Apple Computer on Friday delayed its annual report and confirmed that it would be forced to restate its financial results because of accounting problems related to options backdating.
The move came two months after the maker of Macintosh computers and iPod personal music players said it would likely be forced to restate past results because of the scandal.
Apple is among the highest profile companies to have become caught up in options backdating, an apparently widespread pracice in which the value of an options grant is artificially inflated by changing the grant date to coincide with a low point in the value of a company’s shares.
Hundreds of companies are under investigation by US authorities or have launched their own internal probes into the practice. As a result, scores of companies have been forced to restate their rearnings and dozens of top executives have been sacked.
In October, Apple said an internal investigation found that Steve Jobs, Apple’s co-founder and chief executive, was aware of “a few instances” of backdating between 1997 and 2002.
Apple cleared him of any wrong doing, however, because it said he was not aware of backdating’s accounting implications and did not benefit personally from the backdated grants.
Although Mr Jobs was cleared of any wrongdoing by Apple, he still faces scrutiny from the SEC. He also faces questions about options grants at Pixar, the animation studio he sold to Walt Disney this year for $7bn.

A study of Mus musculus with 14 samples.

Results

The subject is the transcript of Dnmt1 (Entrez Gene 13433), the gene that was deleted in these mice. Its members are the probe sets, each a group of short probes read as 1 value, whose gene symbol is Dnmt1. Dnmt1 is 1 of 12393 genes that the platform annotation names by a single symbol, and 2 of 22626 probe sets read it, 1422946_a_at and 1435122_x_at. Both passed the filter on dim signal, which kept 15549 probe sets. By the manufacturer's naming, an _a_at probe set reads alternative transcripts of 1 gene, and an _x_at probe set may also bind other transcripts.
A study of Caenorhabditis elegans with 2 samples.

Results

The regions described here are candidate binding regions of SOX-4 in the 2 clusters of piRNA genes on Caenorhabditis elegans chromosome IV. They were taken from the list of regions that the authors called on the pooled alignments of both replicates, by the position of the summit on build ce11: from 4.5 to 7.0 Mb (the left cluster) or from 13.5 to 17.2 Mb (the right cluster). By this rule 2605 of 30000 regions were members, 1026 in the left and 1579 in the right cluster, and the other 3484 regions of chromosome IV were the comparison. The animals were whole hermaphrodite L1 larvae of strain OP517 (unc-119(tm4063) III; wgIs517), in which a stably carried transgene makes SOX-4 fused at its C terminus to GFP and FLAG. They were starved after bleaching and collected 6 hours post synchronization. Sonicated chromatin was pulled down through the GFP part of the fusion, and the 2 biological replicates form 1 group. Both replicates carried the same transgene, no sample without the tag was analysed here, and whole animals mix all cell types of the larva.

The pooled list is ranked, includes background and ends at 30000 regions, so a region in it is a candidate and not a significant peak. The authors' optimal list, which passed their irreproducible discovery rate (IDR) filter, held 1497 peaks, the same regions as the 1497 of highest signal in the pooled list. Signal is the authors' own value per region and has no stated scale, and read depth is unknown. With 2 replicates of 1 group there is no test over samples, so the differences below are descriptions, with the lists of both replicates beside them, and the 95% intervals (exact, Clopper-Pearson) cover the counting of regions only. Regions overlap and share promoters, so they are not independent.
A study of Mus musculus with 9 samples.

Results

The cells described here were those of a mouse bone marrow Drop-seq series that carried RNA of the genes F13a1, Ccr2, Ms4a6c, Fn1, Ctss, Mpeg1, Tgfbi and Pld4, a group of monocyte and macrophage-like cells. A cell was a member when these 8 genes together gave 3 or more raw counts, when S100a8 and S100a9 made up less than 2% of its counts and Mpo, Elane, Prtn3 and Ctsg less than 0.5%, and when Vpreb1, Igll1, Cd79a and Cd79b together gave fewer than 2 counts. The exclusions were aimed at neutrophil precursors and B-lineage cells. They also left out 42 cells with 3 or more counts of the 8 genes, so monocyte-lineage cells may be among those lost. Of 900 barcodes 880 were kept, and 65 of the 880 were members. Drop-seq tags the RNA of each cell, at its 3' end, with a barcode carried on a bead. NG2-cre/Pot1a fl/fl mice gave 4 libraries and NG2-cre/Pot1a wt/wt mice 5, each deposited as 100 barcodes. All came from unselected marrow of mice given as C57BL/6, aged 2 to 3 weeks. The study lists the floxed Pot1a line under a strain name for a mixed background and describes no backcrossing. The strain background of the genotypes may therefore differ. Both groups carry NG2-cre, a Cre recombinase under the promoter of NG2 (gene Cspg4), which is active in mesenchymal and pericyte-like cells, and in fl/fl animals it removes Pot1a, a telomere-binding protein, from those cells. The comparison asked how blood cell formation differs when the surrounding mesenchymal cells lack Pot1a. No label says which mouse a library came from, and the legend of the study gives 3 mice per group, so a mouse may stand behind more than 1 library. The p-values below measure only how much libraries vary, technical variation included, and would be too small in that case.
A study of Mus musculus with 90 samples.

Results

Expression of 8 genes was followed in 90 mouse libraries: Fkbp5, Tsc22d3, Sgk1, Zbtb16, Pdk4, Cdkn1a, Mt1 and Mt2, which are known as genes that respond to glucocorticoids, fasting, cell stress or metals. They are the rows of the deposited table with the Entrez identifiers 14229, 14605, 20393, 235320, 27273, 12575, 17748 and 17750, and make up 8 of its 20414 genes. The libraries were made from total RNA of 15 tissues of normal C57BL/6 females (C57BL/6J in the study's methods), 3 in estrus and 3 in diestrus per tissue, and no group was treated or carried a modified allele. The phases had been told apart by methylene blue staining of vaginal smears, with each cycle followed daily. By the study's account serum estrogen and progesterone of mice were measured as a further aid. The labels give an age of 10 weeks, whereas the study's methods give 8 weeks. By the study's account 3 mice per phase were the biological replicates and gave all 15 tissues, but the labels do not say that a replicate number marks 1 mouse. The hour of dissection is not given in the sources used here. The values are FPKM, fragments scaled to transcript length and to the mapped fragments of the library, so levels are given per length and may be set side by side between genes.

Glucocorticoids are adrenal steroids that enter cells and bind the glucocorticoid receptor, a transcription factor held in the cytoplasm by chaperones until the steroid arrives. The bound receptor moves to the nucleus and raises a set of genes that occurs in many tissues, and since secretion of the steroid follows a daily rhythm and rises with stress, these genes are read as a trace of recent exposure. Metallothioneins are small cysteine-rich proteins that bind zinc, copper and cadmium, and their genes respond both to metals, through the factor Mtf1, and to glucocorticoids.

“Steve Jobs is kind of iconic. He’s not your ordinary CEO. If it turns out that he’s implicated in some odd way, he might have to step down, but my sense is that’s not likely to happen,” said Roger Kay, analyst at Endpoint Technologies Associates. “They’ll insulate him in some way. There’s not real reason for him to go down unless he’s directly implicated.”
In a filing with the Securities and Exchange Commission on Friday, Apple said it was in the process of finailising its restatements. It did not say how big its restatement would be or how many years it might cover.
Christopher Cox, the SEC chairman, has promised to “stamp out” backdating, but the regulatory clampdown thus far has been limited to a hanful of allegedly egregious cases of options abuse.
Apple’s shares were little-changed the wake of the announcement. By mid-day in New York, they had fallen less than 0.1 per cent to $88.50. The shares have risen 23 per cent this year.